American Course: Week 7

It’s important to start our post about classes in the first week of May with a little background on what happens in Russia during the first week of May. This is the first real week when the sun begins to shine more often than not. It’s the first week that the grass begins to grow and the snow is really gone. Moscow begins to wake up. For Russians, this is a very important week. May 1st, “Spring and Labor Day,” is a huge holiday here. There are parades and festivals. The parks open their attractions and cafes. The holiday is extended through the first days of May. As May 9th is another national holiday many people take the entire week for a vacation. It is not uncommon to take at least the first few days of May to leave the city. Just like in America, where many people spend Memorial Day weekend putting their boats in the water for the first time, in Moscow many people take the long holiday to go out to their dachas (summer cottages) to open them up and plant their gardens there. This year, Orthodox Easter (the biggest holiday for the Orthodox Church) also falls in this time frame (May 5).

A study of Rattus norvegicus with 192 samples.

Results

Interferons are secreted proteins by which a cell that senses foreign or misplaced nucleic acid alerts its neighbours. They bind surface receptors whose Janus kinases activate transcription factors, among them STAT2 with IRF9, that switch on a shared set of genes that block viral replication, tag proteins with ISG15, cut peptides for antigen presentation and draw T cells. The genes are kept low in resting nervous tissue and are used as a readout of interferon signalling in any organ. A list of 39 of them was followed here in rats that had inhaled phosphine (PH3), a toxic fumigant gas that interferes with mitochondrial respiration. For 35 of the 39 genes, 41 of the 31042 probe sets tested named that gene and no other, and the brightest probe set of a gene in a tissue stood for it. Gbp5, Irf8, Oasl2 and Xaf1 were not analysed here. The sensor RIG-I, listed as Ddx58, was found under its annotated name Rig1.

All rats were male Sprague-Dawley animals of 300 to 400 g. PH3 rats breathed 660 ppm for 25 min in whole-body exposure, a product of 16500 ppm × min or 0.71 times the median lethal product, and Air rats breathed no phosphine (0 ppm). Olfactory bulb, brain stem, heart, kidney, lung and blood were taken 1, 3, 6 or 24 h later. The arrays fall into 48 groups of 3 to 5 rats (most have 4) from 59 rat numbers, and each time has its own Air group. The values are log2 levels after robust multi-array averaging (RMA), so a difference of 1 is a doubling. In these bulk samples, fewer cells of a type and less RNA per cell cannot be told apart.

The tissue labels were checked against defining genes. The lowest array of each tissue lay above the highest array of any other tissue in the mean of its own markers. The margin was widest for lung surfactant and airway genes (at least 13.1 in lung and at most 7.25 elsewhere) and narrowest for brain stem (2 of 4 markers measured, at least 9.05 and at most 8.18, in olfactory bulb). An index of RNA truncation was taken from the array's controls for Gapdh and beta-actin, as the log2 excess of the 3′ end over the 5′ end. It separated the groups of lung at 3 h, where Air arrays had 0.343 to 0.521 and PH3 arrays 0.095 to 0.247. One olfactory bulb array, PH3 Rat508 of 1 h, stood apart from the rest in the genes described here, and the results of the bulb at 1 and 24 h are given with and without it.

As you can imagine, this is a very exciting time to be in Moscow. There is a lot to see and do. All schools and national offices were closed on Wednesday for the holiday so we had a bit of a break in our week. GITIS actually was not holding classes May 1-5 as an extended holiday, but our students chose to continue to work Thursday and Friday and our professors agreed to hold classes for them any way. Our students and professors alike understand that our time here is short and that our work is our passion. For us, it was the best way to spend the long holiday.

Because we had some unexpected class time, our students were asked what they wanted to study for the week. They chose to analyze and work on scenes from Uncle Vanya. It was such a great opportunity for them to take the analysis work that we had done earlier in the semester with The Seagull and apply it to this play. Of course, Alexei Litvin, who was directing the class dove right in with the students to stretch their range of thought about the text and to work beyond the text.

Don’t worry about these guys and think that they worked over the whole holiday! They had a day off on Wednesday and some extra free time on Thursday and Friday. Sure they spent some of it working on projects, learning Russian and going to the theatre, but they also got a chance to enjoy the sites of Moscow this time of year. That’s the beauty of international study!